David K. Floyd, an attorney regarded as a pioneer in the field of environmental law, was involved in pollution cases from their earliest days.
“He represented Bethlehem Steel back in the '60s during the evolution of the Clean Air Act,” said Morgan G. Graham, a partner at the Buffalo firm of Phillips Lytle LLP who Mr. Floyd hired to work with him on Love Canal litigation. “That really kicked things off for environmental law and the firm.
“From his experience with Bethlehem Steel and doing air work, he became known for that,” Graham added. “He was unique because he was there in the beginning.”
Mr. Floyd went on to represent Houdaille Industries and Carborundum Corp. in pollution lawsuits. In the lengthy legal actions stemming from Love Canal throughout the 1980s and early 1990s, he was the principal attorney in Western New York for Hooker Chemical and its successor, Occidental Chemical. It was the largest single piece of litigation in the firm's history.
He died Feb. 1 in the Health Care Facility at Fox Run, Orchard Park. He was 85.
“David had the trust, respect and admiration of his colleagues, adversaries and the judiciary, which made him so effective as a lawyer,” Graham said. “He was always a straight shooter and trustworthy. The lawyers at the DEC (Department of Environmental Conservation) and the EPA (Environmental Protection Agency) who negotiated with him knew he was a fellow who would find a resolution.”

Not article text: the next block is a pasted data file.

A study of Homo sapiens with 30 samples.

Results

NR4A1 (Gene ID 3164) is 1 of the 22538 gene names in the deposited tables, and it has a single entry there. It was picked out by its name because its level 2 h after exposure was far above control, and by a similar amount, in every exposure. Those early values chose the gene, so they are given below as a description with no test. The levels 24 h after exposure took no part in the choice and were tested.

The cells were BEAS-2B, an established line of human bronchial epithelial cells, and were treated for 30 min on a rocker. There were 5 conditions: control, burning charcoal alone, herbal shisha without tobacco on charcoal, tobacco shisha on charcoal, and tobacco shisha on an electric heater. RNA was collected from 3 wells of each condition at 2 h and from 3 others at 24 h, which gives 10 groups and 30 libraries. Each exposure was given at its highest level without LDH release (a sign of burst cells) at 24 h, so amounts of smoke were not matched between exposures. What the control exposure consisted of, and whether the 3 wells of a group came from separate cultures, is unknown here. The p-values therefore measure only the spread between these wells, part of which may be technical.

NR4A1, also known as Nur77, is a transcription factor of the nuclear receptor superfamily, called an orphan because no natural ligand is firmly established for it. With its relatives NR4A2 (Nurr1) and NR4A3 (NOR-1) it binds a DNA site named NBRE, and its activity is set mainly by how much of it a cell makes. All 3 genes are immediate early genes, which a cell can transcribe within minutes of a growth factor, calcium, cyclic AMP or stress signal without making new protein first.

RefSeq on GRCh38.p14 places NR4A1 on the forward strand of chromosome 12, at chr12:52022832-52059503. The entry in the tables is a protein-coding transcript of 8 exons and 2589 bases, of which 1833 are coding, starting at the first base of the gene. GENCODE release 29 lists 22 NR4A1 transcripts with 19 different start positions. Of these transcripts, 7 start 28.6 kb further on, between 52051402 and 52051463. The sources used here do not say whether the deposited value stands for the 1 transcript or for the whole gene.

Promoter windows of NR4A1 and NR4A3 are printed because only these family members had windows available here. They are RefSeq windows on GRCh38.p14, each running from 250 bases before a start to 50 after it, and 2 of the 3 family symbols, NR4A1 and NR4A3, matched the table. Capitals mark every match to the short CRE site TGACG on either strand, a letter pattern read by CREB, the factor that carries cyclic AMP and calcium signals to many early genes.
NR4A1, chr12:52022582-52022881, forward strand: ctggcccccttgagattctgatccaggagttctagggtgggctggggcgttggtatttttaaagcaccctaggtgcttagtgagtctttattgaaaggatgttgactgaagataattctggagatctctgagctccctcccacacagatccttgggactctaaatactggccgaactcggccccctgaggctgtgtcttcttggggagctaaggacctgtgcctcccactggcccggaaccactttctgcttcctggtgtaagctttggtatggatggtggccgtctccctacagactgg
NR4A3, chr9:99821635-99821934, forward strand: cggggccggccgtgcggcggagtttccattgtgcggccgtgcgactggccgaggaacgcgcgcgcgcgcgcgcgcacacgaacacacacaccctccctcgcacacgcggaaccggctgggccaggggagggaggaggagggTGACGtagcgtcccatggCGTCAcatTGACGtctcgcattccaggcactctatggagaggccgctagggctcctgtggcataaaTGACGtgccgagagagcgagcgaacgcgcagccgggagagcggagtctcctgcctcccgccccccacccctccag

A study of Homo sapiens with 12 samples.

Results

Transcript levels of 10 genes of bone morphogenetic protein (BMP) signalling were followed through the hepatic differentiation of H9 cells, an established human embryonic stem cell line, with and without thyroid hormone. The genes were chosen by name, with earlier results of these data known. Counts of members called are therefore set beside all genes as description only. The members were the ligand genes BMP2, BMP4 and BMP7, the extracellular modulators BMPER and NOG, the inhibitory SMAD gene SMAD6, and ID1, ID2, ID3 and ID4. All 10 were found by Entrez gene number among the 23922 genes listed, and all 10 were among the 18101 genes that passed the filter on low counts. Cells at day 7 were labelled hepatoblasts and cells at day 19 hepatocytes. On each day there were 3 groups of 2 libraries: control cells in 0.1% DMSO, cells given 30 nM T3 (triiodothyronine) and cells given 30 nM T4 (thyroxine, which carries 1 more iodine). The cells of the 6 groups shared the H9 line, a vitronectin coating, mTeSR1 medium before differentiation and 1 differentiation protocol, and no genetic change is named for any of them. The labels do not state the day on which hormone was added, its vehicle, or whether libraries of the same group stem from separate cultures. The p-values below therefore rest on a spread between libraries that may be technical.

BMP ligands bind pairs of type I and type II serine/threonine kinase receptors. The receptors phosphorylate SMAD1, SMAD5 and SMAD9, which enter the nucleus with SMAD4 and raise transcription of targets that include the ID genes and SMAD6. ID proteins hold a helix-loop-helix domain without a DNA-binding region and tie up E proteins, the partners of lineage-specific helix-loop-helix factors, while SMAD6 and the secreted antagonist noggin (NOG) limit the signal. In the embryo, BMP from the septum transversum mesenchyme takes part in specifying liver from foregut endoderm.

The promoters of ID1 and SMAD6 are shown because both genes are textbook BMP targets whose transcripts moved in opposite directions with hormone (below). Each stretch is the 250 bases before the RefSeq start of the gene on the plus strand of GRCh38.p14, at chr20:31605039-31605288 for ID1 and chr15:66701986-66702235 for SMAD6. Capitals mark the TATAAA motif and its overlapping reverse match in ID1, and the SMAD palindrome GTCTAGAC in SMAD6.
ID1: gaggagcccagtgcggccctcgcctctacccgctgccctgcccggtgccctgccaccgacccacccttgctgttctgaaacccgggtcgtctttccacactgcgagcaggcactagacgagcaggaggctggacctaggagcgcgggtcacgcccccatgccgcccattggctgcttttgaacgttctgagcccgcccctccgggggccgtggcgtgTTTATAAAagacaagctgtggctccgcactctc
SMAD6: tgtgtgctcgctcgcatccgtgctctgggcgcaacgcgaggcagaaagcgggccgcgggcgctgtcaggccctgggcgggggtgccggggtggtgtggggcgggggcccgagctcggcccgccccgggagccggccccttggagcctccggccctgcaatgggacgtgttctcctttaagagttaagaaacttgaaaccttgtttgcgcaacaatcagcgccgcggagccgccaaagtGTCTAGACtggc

Born in Buffalo, David Kenneth Floyd was the son of a teacher. He attended school in Orchard Park, Alfred and Schuylerville before completing his junior and senior years of high school in Farmingdale, L.I.
He attended Trinity College in Hartford, Conn., then an all-male school, where he was a member of Alpha Chi Rho fraternity and Air Force ROTC. He played for one year on the football and baseball teams and three seasons on the basketball team.
While he was at Trinity, he kept in touch with his high school sweetheart from Schuylerville, Anne Louise Zoller, who was studying at Union University School of Nursing in Albany to become a registered nurse.
“We wrote,” she said. “I worked in the Catskills for two summers, and he and his brother visited me. And I went once or twice a year to some big weekend at Trinity.”
A week after he received his bachelor’s degree in economics in 1954, they were married.
He then served for three years in the Air Force stateside in management analysis, attaining the rank of first lieutenant.
“While he was in the service, he was debating whether to go for business or for law,” his wife said, “and he decided on law.”
Enrolling in the University of Chicago Law School, he was a managing editor of the Law Review and graduated with honors in 1960 with a Juris Doctor degree. He was a member of the Order of Coif, an honor society for law school graduates.